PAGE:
Carpet cleaning professionals set their rates in a somewhat subjective manner. One factor, often overlooked by companies in the carpet-cleaning sector, is the fact that all locations are not created equal. A calculation for rates based on a formula does not account for real-world variables. These are things such as access difficulties, obstacles, disruptions, access to the water source, and more.
In residential cleaning it is common practice to do a walk-through and give the customer a free estimate. This brief tour of the premises greatly informs the cleaner. It tells them how to adjust their calculations so they can set their rate for that particular job. Variables such as the amount of clutter or the presence of multiple pets in the household will factor into their rate. In the carpet-cleaning business it is more commonplace just to give a quote based on square footage. What about the condition of the carpet as well as the customers' expectations? These can only be revealed by doing a walk-through.
Variables That Impact Time And Cost
Variables to consider when setting a rate:
You need to to know the costs for the following to calculate your rate:
Free CleanZine NewsletterSign up for the CleanZine Newsletter and receive free Action Plans and a Quick Start Guide. Since 2004 the CleanZine Newsletter has helped thousands start their own cleaning business.
Strategies for setting a price for carpet cleaning services:
By the square foot
You simply come up with a price per square foot. In most cases this figure will cover your cost, plus your desired profit. Give a range, not one set amount. The downside is the 'most cases' part – and often, it will not work out optimally. If you are going to go with a square-foot rate, then the price should be factored by the worst case scenario, not the average. You may find, however, that you are pricing yourself too high out of the normal range. This method is always in need of tweaking, and virtually nobody gets it right the first time.
Here is a list of common rates if you are going to calculate by the square foot. Obviously the shelf life on these rates goes quickly out-of-date and not specific to your situation, but you can use it to get an idea of the specific criteria that need to be included in calculating a rate or price for carpet cleaning services.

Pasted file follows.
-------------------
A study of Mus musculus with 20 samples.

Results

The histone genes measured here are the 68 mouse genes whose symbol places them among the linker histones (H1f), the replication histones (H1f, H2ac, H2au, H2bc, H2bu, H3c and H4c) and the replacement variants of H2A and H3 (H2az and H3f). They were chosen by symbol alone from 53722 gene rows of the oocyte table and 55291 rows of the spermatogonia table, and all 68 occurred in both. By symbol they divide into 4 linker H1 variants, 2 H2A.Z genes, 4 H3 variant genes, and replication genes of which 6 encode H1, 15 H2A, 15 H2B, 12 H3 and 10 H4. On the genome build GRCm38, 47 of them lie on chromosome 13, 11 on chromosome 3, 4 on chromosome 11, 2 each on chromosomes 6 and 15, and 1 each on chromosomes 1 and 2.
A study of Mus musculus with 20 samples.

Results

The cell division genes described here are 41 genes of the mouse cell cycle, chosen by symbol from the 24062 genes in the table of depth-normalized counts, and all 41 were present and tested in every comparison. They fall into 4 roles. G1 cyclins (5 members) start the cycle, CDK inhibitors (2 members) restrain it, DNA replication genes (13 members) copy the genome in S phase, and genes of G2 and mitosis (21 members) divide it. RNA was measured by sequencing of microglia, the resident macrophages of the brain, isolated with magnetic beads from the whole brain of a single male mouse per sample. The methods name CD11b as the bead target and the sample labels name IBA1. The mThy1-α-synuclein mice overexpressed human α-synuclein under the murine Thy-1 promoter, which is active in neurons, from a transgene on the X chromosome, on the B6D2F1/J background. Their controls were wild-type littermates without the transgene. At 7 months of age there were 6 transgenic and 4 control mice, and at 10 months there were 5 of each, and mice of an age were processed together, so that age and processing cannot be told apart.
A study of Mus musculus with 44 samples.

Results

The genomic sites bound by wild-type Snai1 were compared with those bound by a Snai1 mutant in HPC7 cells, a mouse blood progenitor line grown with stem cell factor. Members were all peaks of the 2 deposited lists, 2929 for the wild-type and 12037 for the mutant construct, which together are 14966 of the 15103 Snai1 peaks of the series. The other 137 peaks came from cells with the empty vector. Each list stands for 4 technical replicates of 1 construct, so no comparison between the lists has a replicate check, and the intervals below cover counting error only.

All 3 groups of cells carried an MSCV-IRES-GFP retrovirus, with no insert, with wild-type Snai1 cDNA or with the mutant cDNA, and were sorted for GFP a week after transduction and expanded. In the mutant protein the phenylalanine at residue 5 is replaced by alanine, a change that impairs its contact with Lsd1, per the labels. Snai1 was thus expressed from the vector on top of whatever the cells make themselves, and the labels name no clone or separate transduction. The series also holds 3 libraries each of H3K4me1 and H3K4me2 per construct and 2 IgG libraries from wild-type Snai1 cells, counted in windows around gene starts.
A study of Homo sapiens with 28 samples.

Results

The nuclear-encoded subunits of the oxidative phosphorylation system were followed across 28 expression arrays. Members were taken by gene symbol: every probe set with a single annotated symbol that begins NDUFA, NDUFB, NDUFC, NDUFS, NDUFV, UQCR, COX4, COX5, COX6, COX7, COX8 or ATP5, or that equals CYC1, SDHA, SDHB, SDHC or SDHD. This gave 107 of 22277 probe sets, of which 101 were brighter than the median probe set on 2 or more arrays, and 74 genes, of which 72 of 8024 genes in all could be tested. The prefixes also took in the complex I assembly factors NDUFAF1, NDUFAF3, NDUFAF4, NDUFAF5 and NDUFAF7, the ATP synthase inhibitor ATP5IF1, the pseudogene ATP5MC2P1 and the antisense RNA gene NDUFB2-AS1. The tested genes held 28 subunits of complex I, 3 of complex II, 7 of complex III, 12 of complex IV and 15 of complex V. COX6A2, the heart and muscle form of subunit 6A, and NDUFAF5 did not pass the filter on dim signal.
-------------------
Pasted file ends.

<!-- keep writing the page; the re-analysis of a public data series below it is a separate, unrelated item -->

By the hour
Due to the variables already mentioned, an hourly rate is just too non-defined to be any good. But at the end of the process, you do want to use the 'by the hour' formula, to check your other strategies and determine whether your hourly profit is being met.
Calculate 'by the hour,' adding profit variations on top of the costs to do the job. Following 'by the square foot,' this is probably the simplest and most common way of figuring out rates.
Using software with inputs & outputs
Computer programs can be purchased that will allow you to set the criteria, then input the specifics of the job. The software then runs the formulas and calculates an output, or answer, which you can use to narrow in on the price. The program can be a great time-saver, and is likely to do math more accurately than you can. There is a range of quality in these software programs. They can be quite sophisticated, rather inadequate, or anywhere between.
Make a detailed list of all variables common to all jobs and approximate the time each task and its variable will take, roughly. Then add up the total, and add 20% for unknowns. Next, multiply the time frame by the hourly rate you want. That is your price.
Be wary of the (cut-rate, advertised price) C.R.A.P. trap.
"These new cut-throat-priced carpet cleaners either quickly go broke or rapidly realize that just matching their old job salary isn’t going to keep them in business and leave enough for a good living. But now they are trapped in this “Cut Rate Advertised Price,” or C.R.A.P., model."
Steve Toburen - ICS Magazine
If you want to make a good living in the carpet cleaning service sector you have to offer elite services of exceptional quality, and find the appropriate clients to support that goal.
Are there additional profit opportunities?
Are you missing the obvious way to add profit to your jobs? Ask yourself at every single location what more that particular client may need to have done, and then find a way to offer it. If they don't hire you, they will hire someone else, so do not just sleep through these opportunities.
For example: can you offer disinfection, or sanitization? What about repairs, or spot removal. Can you help with odor removal, furniture moving, topical treatments, inspection and-or consulting services? Mini-blind cleaning; ceiling cleaning; upholstery cleaning, and window cleaning. Sometimes the client only needs to be asked a question or two regarding the additional job before they ask you to take care of it. What could be easier as far as added-value to your workday?
Far too many service pros simply factor on the fly. It is vitally important to finely tune your business finances with a daily resolution. Turn a good profit and continually improve your service by being conscientious. Be extremely explicit about the reality. Profit is what comes after expenses.
This is just an introductory article pointing out how to set your cleaning service rates. It is always wise to find a mentor to guide you on your business journey.